The Seattle Commune is no more. Declared three weeks ago by radical leftists as CHAZ, the Capitol Hill Autonomous Zone, rechristened CHOP, the Capitol Hill Occupation Protest, the six-block enclave inside Seattle ceased to exist July 1. The cops shut it down.
As Marx said, history repeats itself, first as tragedy then as farce. If the Paris Commune of 1871 is the archetype, that mass uprising and swift slaughter of the communards who rose against the regime, what happened in Seattle is the farce.
Police Chief Carmen Best, who opposed Mayor Jenny Durkan's surrender of one of her precinct stations to the mob, explained in exasperation why her cops finally acted: "Enough is enough. The CHOP (had) become lawless and brutal. Four shootings—two fatal—robberies, assaults, violence and countless property crimes have occurred in this several block area."
The shooting death of a 16-year-old and critical wounding of a 14-year-old on Monday finally forced the mayor's hand.
Some journalists touring the CHOP had burbled on like Lincoln Steffens on his first trip to Lenin's Russia, "I have been over into the future and it works!" They wrote of "peaceful" meetings, "documentary screenings" and "concerts." Best was more hardheaded about what she found after recapturing the CHOP: "After walking through the area I was stunned by the amount of graffiti, garbage, and property destruction."
Apparently, however, Mayor Durkan does not want posterity to forget the glory days of what she had predicted would be a "summer of love." Writes The Washington Post: "Durkan called for charges to be dismissed against those who were arrested for alleged misdemeanors... The mayor also said that Seattle arts and parks departments would preserve a community garden and artwork and murals that protesters created within the zone."
Hard to believe. Statues of Washington, Jefferson, Jackson, Lincoln, Grant and Theodore Roosevelt are dragged down, while the murals and graffiti of misfits who trashed downtown Seattle are to be preserved.
This raises a larger question. Have the six weeks of protests since the death of George Floyd—weeks featuring riots, looting and trashing of city centers, desecration of monuments from Columbus to the Founding Fathers, presidents and Confederate generals, proven to be a cultural and political victory for the radical left? More precisely, is the mob winning?
The case can be made that the mob has won already. People have gotten away with massive demonstrations blocking roads, highways and parks. Shopping areas in elite and working-class sections of scores of cities have been torched and looted. Police have been insulted, taunted and showered with debris.
Result: Mob demands to "Defund the Police" have been met by political concessions and capitulations. Minneapolis is moving to abolish its police force. New York Mayor Bill De Blasio has slashed $1 billion from the NYPD budget. Protesters camping out at city hall are demanding more.
Joe Biden, who began his campaign by telling us how well he had gotten on with the old segregationist senators like Jim Eastland and Strom Thurmond, has been scrambling as swiftly as he can in that basement. Said Biden this week:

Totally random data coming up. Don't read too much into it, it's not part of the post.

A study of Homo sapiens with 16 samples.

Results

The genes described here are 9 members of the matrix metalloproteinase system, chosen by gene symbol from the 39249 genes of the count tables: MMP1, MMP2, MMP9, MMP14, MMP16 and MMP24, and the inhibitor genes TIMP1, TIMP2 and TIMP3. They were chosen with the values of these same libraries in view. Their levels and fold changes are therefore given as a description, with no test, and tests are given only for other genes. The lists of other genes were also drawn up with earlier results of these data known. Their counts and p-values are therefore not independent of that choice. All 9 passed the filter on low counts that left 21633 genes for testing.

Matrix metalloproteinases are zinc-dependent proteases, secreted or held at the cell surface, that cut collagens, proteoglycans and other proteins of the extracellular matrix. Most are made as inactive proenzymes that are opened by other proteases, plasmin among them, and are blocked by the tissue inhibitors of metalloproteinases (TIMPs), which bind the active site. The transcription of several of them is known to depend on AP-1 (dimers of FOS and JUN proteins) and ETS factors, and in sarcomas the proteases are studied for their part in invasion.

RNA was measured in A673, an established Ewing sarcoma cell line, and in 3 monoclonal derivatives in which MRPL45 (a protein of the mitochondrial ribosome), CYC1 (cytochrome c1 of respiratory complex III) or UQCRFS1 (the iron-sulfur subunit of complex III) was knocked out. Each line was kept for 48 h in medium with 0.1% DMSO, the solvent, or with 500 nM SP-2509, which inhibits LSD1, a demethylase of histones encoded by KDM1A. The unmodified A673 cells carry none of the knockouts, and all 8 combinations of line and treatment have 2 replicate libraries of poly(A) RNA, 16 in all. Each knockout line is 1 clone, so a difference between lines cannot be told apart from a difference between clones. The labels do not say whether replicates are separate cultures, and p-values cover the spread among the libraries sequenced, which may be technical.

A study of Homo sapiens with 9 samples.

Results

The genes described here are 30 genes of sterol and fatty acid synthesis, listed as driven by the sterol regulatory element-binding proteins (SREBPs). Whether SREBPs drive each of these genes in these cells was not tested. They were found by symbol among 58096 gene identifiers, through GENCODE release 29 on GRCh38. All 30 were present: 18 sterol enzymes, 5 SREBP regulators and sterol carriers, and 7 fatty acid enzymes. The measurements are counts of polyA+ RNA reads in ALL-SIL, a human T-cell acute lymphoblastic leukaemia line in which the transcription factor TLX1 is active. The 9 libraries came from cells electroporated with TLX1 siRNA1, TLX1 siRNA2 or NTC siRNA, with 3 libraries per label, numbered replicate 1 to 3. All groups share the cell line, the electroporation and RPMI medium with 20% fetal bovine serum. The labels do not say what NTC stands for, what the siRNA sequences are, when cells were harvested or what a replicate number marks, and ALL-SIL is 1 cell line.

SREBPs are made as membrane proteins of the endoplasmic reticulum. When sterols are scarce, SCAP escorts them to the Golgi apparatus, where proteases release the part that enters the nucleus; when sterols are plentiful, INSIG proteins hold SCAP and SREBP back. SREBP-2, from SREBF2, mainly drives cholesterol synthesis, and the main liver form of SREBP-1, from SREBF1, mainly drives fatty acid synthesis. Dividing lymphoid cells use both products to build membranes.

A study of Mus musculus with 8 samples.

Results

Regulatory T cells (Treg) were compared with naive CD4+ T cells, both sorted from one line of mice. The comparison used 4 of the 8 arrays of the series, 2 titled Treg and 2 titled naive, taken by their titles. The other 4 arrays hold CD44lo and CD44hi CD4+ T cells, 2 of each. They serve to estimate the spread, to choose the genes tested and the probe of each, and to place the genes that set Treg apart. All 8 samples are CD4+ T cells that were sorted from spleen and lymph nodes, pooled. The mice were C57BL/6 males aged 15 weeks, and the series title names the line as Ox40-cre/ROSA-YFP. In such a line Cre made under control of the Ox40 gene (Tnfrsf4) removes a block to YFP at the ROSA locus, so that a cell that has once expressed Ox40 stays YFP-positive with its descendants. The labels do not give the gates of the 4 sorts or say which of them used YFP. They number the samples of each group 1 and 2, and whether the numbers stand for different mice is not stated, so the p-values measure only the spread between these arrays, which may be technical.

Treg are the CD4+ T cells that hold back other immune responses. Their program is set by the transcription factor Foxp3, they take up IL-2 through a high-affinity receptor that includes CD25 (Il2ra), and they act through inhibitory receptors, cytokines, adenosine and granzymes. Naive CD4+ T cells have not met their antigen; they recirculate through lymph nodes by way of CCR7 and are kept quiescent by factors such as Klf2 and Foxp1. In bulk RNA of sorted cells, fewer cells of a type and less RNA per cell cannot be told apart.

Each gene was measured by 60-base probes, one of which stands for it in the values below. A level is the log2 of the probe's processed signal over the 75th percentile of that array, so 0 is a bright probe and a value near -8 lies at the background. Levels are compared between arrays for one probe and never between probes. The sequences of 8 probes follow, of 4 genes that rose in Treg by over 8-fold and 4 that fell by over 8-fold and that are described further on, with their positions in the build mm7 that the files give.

(W)ith regard to those statues and monuments, like the Jefferson Memorial, there's an obligation that the government protect those monuments because they're different. That's a remembrance, it's not dealing with revering somebody who had that view. ... They may have had things in their past that were now and then distasteful, but that's a judgment.
This mush comes from a senator who probably cannot remember how many Jefferson-Jackson Day dinners he has attended and addressed.
Consider what else the radicals and rioters have accomplished. They have made mass civil disobedience an acceptable and even praiseworthy form of protest, if you are justifiably outraged. They have won near-immunity for burning and looting stores. Blanket amnesties at the state and city level appear to be in the cards.
With the collaboration of an allied and indulgent media, the radicals have turned public opinion against the cops. They have forced the issue of defunding the police onto the national agenda. They have pulled the center of gravity of politics sharply to the left.
Contrast how our establishment has been panicked into headlong retreat, with how Xi Jinping's Chinese Communist Party handled its year of protests in Hong Kong—protests aimed at attaining the democratic rights that the American protesters are abusing. The Chinese made a calculated decision: They would not use the methods they had employed in Tiananmen Square in 1989. But bottom line, they would also not lose Hong Kong to the democratic camp.
Beijing has now taken over Hong Kong, stifled the protests and begun a roundup of those who initiated and led the disorders. And the West has done nothing. As the world observes how the world's greatest democracy handles disorders arising from left-wing radicals, and how China is handling an anti-Communist uprising in its city of Hong Kong, which appears to be more in command and control of its nation's destiny?
Patrick J. Buchanan is the author of Nixon's White House Wars: The Battles That Made and Broke a President and Divided America Forever. To find out more about Patrick Buchanan and read features by other Creators writers and cartoonists, visit the Creators website at www.creators.com.